There is a lot of grey area in advertising. Let me give you some examples.

Example 1. I saw an ad from a stamp dealer. Pictured in the ad were older US stamps in mint condition. The ad mentions about buying these stamps for a few dollars. When you read the ad though, it says that you’ll receive used copies. Wait a minute! The ad illustrates mint copies but says you’ll receive used copies. Is that right?

If the ad showed dollar value Columbians for a few dollars, to me, that ad is deceiving. I feel it’s downright criminal to do that.

If the ad shows mint stamps that are similar to the used stamps you’ll receive, I think that ad is misleading. Technically and legally, the ad did nothing wrong because it clearly states “used stamps.” But the advertiser is utilizing more attractive mint stamps to draw the buyer in. To me, it’s a grey area. They aren’t lying. But they aren’t being 100% up front either.

If the ad shows used stamps similar to the stamps you’ll receive, that ad is truthful. But how many people would respond to an ad like this? Not many. Pictures of mint stamps make the offer more appealing. Collectors like pretty stamps. Used stamps are not always very pretty.

Example 2. Comparison ads (see image below). Suppose there are two dealers: myself and dealer A. I run a comparison ad that shows a full set of mint Columbians in the list. I put a checkmark under my column on every Scott number. Dealer A has the 2˘ value only, Scott #231. But it’s an inexpensive stamp. Most dealers have Scott #231. The ad shows that I have lots of stamps. My competitor only has one inconsequential stamp. Therefore, I look better. Did I forget to tell you that dealer A has a full set of Trans-Mississippi issues, Scott #285-293 but I don’t have any? As the person writing the ad, I get to twist the truth into making you believe that I have a better selection of stamps compared to dealer A.

Comparison ads are nothing more than the company manipulating the facts to make themselves look better than the competition. Reality may be very different.

Example 3. Ads with charts. I have a mint #C18 that I sell for $95. My competitor sells the same stamp for $100. Which of these bar charts (see below) is more favorable to me?

Both charts show the same data, my price of $95 and my competitor at $100. The difference is the baseline. The chart on the left, the base price is $94. The chart on the right, the base price is $0.

The chart with the $94 base price makes my price look much lower than my competitor.

Charts can be twisted to make whatever point you want to say. They can be misleading.

Example 4. Statistics are easily manipulated. This is closely related to Example 3 with the bar charts.

I’m a dealer with 100 customers. I add 10 new customers per month to my customer list. Another larger dealer has 1000 customers. They add 20 new customers a month.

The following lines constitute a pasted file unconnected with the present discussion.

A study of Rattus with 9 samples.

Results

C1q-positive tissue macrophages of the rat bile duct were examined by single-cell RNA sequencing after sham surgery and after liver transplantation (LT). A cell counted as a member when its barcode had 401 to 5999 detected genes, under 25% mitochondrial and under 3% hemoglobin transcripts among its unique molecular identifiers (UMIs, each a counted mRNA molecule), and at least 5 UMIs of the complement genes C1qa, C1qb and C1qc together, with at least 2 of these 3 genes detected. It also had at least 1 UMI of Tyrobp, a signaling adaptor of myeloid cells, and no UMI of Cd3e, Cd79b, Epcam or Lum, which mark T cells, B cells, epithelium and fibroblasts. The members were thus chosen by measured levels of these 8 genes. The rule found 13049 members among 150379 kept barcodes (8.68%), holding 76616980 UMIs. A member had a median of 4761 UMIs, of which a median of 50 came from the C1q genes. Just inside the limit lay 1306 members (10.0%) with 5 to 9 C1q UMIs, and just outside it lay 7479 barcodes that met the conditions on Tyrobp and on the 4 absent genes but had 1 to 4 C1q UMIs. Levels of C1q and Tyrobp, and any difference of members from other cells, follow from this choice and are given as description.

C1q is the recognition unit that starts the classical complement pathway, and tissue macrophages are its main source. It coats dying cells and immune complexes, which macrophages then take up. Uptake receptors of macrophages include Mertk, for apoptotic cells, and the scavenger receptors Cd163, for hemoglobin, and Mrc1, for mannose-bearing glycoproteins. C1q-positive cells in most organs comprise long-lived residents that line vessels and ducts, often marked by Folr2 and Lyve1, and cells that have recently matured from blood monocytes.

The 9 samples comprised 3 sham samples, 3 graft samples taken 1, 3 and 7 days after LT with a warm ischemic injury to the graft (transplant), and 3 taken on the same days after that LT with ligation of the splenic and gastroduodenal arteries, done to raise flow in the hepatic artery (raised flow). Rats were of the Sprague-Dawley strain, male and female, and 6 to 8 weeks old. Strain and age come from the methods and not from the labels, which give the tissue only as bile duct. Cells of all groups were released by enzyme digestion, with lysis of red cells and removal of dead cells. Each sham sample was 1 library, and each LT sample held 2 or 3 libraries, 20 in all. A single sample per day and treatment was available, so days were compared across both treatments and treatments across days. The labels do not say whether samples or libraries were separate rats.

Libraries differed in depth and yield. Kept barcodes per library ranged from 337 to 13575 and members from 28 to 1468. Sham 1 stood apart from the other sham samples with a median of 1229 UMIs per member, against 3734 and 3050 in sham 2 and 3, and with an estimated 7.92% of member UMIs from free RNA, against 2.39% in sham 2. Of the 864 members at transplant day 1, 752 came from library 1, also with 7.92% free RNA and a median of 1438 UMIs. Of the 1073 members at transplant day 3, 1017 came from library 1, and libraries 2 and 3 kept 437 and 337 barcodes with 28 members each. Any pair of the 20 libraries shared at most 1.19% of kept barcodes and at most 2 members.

I put out an ad that says, “Scott Shaulis is the fastest growing stamp dealer in all of Stampdom.” Is that true? It depends on your prospective.

Technically, I’m adding 10% new customers per month. My competitor adds only 2%. Again, because I’m writing the ad, I can make it sound better for me. I’m not lying. I choose to look at percentages to stake my claim. If you use new customer count only, then I’m not the fastest growing dealer. Beware of ads that claim things like “fastest”, “largest”, and other vague terms.

Example 5 Customer satisfaction ads. I can say something like this, “Four out of five customers are satisfied with my services.” You think that 80% of the customers who deal with me like me. Ah, but that’s not what I said!

I said, “four out of five.” You could take a million customers and if 999,996 of them hate me, my ad is still correct. I only told you “four out of five.” I didn’t tell you which four! I biased my sample by picking the four people who like me. I brought in one person who hates my guts to make it sound like I’m being “fair and impartial.”

Example 6 Price changes. Let me use Scott #C18 again. I write an ad that says, “The suggested retail price is $1000. But if you agree to buy it in the next 30 minutes, your price is just $99.” Wow, you’re saving over 90% off the retail price! I can pick any price I want as the suggested retail price. The trick here is to sell the stamp at a healthy profit, but make the buyer think they are saving a ton of money. The truth is, the customer is not saving anything. When I see “suggested retail price,” I ask who is doing the suggesting! You should only compare dealers based on actual cost. If I sell the stamp for $99 and someone else offers the same $99 stamp with a “suggested price” of $1000, are you really saving 90%? No.

The truth is that ads always make the person placing the ad look better. My prices are lower. I have more selection. My stamps are prettier. Buy from me and I’ll save you a ton of money. And so forth. This doesn’t happen with just stamps. Ads like this can be found in many businesses.

Well-crafted ads take a lot of work and understanding to portray the message you want to make on your potential customers. My suggestion to you is to not be fooled by ads. Now that you understand some of the tricks, you know what to look for. Make informed buying decisions based on your own judgment.